Bad Science

June 11, 2012

I went to work this morning. I’d have gone stir-crazy if I didn’t. My appointment for “ultrasound and consultation” was this afternoon. There was no way I could sit at home. Might as well save a few hours of PTO by clocking in until it was time to leave.

And the cyst is gone. And the doctor isn’t sure what that means. (How about this, doc? Maybe it means that it acted like most of these cysts do and resolved itself in four-to-six weeks and therefore means NOTHING!) And that was the ultrasound portion of the afternoon.

From there, we moved to his office so that he could tell me that it’s clear to him that I don’t ovulate. (Have you been keeping track of the data points? One cycle. He’s seen me for only one entire cycle. And from this, he’s determined that I’m 100% anovulatory. Considering I have NEVER missed a period, I think he might be wrong.) He also told me that, based on height, I should only weigh 100 pounds, and that weighing more than 150 (as I confess, I currently do) means I weigh more than 150% my “ideal” weight. I did point out that I exercise regularly, so my body fat percentage is better than my BMI might indicate. I should have added that my wrist measures more than six inches, so my ideal weight is actually 123, so 150% of my ideal weight is really 180 pounds, which I do NOT weigh. For reference, I weighed 120 when I got back from Rome at the age of 20. I was incredibly thin, bordering on too thin. One hundred pounds is an unhealthily thin weight for my frame.

Yes, I was pissed. I’m really sick of BMI being touted as a measure of health when it was never designed to be used on an individual basis. It is useful for measuring populations, but should never be used on an individual level. This is why when I “weigh in” every six weeks, I take my measurements as well and enter everything into a lovely spreadsheet that then gives an estimated body fat percentage. Do I need to lose weight? Sure. Am I working on it? Of course. Is my body fat in a healthy range? Actually, yes, as a matter of fact, it is.

Oh, and he wants me to start on FSH. (That’s follicle-stimulating hormone for you laypeople.) After one cycle. FSH comes in one form, and it’s not a form you can swallow. I don’t do needles well. I mean, I really don’t do needles well. Okay, I’m not as bad as some people. I don’t get lightheaded or nauseous. I don’t need to lie down. But I do cry. And I can’t look. I can’t look when it’s a real needle going into my body or when it’s a fake special effect on TV. And he wants me to skip possible treatments of things that I can swallow and go straight to the injectables. (I’m good with swallowing pills. I’ve been downing the horse pills that are prenatal vitamins for more than six months.)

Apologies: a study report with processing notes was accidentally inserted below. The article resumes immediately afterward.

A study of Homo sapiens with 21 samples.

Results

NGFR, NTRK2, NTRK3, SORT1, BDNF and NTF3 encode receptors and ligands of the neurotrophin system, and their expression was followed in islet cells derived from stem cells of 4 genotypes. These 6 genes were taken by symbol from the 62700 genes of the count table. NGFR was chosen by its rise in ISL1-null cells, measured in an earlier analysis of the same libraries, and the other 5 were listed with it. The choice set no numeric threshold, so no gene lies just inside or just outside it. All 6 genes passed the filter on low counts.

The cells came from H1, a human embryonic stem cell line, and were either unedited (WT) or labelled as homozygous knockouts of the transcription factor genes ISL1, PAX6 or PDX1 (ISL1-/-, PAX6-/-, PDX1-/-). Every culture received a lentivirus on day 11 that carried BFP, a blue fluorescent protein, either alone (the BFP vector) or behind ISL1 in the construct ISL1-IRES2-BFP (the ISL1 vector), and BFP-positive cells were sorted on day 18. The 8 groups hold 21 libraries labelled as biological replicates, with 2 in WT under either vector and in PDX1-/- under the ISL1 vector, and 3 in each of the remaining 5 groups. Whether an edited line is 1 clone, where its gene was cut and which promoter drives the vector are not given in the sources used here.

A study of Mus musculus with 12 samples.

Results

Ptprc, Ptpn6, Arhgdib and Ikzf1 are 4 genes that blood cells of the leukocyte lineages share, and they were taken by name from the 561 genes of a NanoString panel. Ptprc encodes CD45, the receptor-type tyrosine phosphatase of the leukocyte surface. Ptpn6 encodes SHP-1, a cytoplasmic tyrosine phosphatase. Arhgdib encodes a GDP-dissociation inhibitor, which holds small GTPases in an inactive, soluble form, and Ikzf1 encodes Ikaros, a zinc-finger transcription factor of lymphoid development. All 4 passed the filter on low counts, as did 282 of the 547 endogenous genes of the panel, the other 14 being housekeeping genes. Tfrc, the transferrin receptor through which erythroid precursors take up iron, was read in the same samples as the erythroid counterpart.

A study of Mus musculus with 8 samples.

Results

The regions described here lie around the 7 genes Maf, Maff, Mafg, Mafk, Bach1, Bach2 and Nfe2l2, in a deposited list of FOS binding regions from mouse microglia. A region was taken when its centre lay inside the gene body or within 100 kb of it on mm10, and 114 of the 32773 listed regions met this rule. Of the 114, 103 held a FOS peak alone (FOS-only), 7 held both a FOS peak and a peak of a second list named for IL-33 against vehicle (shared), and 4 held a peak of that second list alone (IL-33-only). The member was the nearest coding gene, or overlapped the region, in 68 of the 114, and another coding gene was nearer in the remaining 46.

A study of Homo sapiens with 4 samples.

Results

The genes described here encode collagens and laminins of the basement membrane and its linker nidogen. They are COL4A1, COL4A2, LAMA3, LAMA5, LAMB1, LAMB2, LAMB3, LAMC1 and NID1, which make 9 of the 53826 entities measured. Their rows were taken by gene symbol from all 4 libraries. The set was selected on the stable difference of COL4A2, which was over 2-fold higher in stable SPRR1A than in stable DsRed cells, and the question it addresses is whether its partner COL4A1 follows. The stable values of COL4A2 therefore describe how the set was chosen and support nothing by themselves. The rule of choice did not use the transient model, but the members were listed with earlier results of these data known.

I told him that I’d like to avoid FSH if at all possible. He kind of rolled his eyes at me when he asked why. (I told you his bedside manner sucks.) I gave him my first reason: the risk of multiples. He insists that the risk is very low. Not sure I’m buying that. You’ll note I started with the not-wussy reason. So then I told him that I have a pretty severe needle phobia. His response? “It’s no worse than an insulin shot.” Yeah, ’cause that’s not the part of diabetes that really freaks me out. Seriously, his response to me being terrified of needles is to compare it to ANOTHER needle. Like this will make it better.

I insisted, and he, in not as succinct a manner, told me it’s my funeral, but whatever, if I just want to try for a few months like they used to recommend, then we can do that. (Okay, that last part was real. He did tell me that they used to give it a few months to gather more data before jumping straight onto drugs, but most couples are too impatient these days, so he doesn’t normally do that anymore. First, I’m not a couple. The reason I haven’t gotten pregnant in the past year is because I wasn’t doing anything that could possibly result in pregnancy. Second, I like to have enough data to actually draw a line of best fit. So let’s just slow down, okay? Give my body a chance to actually work before declaring that it’s broken.)

So now I have to wait again. Until my next period. Then we’re back to calling for the date of the cattle call. The good news is that my parents will be back from my brother’s by then. I usually don’t mind going to the doctor’s alone, but this place? With this doctor? I’m bringing reinforcements next time!


1 Comment


  1. Jenny

    Yes, you definitely shouldn’t have to face this man alone. Hang in there, you WILL make this happen!